Section 36: Conduct of disciplinary proceedings

182.As with the handling of complaints, the handling of disciplinary proceedings could make or break public confidence and trust in the police. This section deals with regulations that can be made by the Secretary of State under sections 50 and 51 of the 1996 Act. In addition to the existing powers to make regulations under these sections, this section allows regulations to cover the rights of the IPCC in regards to disciplinary proceedings and the right of specified persons to participate in or to be present at disciplinary proceedings, and to provide for inference to be drawn from a failure to mention a fact when questioned or charged in police disciplinary proceedings.

183.The complainant and the general public need to be assured that evidence in a disciplinary hearing will be presented fully and robustly. There is a possibility of this not happening, particularly when the IPCC does not accept the disciplinary proposals from an appropriate authority and directs it to vary the proposals in a specified way, as provided in paragraph 27 of Schedule 3. To avoid this, subsection (1)(a) of this section enables the creation of regulations to ensure that the IPCC will have the right to bring and conduct, or otherwise participate or intervene in, any disciplinary proceedings arising from a complaint or other conduct matter.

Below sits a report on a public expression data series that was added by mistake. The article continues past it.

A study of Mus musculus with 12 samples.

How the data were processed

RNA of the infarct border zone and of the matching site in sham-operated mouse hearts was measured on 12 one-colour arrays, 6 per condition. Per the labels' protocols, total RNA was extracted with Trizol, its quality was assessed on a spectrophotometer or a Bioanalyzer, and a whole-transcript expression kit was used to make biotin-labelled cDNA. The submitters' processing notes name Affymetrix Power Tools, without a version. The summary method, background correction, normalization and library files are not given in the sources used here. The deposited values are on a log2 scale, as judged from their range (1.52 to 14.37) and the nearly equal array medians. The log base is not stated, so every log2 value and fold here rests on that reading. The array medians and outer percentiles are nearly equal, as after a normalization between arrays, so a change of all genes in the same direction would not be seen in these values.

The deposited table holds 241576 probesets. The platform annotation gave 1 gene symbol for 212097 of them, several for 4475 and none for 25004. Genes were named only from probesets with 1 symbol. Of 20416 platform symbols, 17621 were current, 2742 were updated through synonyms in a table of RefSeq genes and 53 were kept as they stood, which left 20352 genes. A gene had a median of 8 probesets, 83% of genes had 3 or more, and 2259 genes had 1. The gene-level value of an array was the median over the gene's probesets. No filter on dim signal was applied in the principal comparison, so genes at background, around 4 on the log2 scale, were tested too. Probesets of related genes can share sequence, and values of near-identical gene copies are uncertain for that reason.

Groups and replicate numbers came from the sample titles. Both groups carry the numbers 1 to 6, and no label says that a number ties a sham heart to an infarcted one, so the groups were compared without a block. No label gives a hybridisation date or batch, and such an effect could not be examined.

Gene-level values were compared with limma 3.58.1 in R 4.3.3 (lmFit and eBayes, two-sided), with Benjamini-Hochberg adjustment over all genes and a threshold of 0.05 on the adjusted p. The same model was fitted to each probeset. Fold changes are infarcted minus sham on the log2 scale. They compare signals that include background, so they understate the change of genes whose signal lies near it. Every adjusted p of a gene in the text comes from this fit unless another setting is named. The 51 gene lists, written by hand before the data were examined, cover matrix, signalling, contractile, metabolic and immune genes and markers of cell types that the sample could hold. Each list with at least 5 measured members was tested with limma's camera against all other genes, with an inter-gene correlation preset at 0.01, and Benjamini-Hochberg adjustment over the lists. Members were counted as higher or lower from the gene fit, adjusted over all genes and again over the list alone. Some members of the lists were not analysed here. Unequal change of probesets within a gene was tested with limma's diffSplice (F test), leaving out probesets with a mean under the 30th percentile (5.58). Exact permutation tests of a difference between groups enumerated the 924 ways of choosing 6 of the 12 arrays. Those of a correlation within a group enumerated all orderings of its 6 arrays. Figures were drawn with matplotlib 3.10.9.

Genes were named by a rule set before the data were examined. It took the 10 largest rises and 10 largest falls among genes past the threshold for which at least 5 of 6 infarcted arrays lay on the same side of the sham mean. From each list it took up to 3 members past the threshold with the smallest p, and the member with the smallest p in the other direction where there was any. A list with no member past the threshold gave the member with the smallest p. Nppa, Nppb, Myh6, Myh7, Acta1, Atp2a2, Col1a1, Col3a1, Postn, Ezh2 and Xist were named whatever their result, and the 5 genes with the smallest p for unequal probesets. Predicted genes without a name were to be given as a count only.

184.To ensure greater openness in the disciplinary process, subsection (1)(b) allows regulations to update procedures regarding persons able to participate in or attend disciplinary proceedings. The current intention is that up to three supporters of the complainant will be able to attend in all cases. The presiding officer of the hearing may allow more in special circumstances, and he will be expected to be even-handed in the treatment of the officer facing the charge. It would be possible for regulations to allow members of the general public to have access to disciplinary hearings in certain appropriate cases.

185.Subsection (1)(c) enables regulations to provide for inference to be drawn from a failure to mention a fact when questioned or charged in police disciplinary proceedings. This would bring the regulations on police conduct into line with those in criminal proceedings, where the change was made as a result of provision made under section 34 of the Criminal Justice and Public Order Act 1994.